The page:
YellowBelly Releases Ginger Ale: A Feisty Red as Latest Seasonal

ST. JOHN’S, NLYellowBelly Brewery has announced the release its latest seasonal beer.

Ginger Ale: A Feisty Red is a traditional Irish Red Ale brewed using wild yeasts along with YellowBelly’s house ale strain. It also contains no ginger despite the name, as explained by brewmaster Liam McKenna:

It arose from a discussion I was involved in recently about ‘terroir’ in brewing. The wild yeasts employed (two oviform little devils) were isolated from the general environment of our brewery. During this discussion, I thought it relevant to mention that all breweries (large or small) have a low but detectable background contamination. This was an effort to accentuate our particular ‘house’ character. The beer contains no ginger, instead, the name is a kind of veiled tribute to the red heads we know. I know many red heads object to the term ‘ginger’. I don’t really care about that. I also have known many red heads to have a ‘wild’ streak. Thus the name.

McKenna also provides the following tasting notes for the beer:

Quite a complex beer. It is big and malty with a very long finish, bitter forward with malt lift toward the end. Lightly carbonated and heavy in body. Notes of burnt, smoky toast, strawberry jam, coffee, chocolate, and leather. Deep garnet/ruby in colour, it is presented mit hefe. The wild yeasts employed lend some acidity and also notes of clove and banana. It will migrate in the bottle due to the continuing activity of the yeast.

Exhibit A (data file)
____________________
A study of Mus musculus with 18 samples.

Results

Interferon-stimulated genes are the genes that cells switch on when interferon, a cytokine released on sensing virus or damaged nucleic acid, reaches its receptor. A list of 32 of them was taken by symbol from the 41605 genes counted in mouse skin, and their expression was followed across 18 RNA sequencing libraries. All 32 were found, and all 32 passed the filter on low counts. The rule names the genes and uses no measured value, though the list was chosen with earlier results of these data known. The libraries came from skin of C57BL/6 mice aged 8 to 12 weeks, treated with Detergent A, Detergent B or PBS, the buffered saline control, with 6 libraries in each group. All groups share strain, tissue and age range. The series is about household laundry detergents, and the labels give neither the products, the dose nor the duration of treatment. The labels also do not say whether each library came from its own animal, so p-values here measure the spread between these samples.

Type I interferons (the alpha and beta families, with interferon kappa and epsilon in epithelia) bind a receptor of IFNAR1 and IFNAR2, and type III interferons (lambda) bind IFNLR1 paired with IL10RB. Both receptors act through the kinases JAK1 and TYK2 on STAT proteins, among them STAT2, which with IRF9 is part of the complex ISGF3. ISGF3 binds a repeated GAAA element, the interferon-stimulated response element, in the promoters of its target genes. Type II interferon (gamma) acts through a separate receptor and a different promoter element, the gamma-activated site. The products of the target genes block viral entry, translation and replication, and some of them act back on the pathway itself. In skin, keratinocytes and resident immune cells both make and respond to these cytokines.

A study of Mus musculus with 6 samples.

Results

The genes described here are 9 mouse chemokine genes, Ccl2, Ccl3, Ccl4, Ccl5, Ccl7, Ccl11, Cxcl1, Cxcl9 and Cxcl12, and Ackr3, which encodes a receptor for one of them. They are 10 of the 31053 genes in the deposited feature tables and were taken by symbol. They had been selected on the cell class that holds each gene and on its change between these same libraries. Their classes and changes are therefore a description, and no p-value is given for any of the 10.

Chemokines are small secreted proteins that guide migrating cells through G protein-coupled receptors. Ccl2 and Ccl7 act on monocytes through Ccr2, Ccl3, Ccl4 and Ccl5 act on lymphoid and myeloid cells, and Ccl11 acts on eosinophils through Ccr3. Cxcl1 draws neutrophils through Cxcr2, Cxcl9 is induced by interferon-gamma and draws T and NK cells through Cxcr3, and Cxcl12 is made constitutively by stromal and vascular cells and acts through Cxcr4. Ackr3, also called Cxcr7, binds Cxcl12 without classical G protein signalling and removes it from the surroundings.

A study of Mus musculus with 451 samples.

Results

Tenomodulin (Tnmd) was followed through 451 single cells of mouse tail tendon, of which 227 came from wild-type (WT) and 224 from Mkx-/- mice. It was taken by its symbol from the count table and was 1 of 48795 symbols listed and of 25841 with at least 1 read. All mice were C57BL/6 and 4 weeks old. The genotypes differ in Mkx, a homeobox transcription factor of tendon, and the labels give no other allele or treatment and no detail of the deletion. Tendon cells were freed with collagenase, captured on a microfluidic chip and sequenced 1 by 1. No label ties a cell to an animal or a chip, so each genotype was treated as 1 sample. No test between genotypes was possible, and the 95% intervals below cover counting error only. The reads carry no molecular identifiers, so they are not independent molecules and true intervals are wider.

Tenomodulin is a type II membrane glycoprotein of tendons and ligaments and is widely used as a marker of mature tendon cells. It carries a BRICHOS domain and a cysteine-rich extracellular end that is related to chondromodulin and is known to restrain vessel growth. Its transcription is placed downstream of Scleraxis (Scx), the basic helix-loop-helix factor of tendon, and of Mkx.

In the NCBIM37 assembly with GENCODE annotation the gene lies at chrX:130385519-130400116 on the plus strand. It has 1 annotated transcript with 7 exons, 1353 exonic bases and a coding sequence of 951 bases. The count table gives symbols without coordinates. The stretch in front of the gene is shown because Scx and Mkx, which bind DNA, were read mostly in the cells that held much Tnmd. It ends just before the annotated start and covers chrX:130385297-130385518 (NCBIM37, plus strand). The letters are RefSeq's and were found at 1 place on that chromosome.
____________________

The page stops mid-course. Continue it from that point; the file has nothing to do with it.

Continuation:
YellowBelly Ginger Ale is available now while supplies last on draught at the brewpub, and in 1 litre swing-top bottles at the brewery store and select NLC stores.

One thought on “YellowBelly Releases Ginger Ale: A Feisty Red as Latest Seasonal

  1. I have to say, this is one of the more bazar marketing/naming strategies I’ve seen. I really enjoyed the beer, but from the bottle I had no idea it was styled after an American Wild Red Ale rather than a Ginger Ale. For the former style it works (I almost got a saison yeast taste from it), but it seems to imply that it’s of the latter style from everything I could see when drinking it. I really like the idea and execution of the beer, but the marketing is a bit meta and, without a style listed on the bottle (or even a note about their goals or where they are trying to break from a style) it’s a bit of a marketing flop. Still, nice to see something different in the Newfoundland market!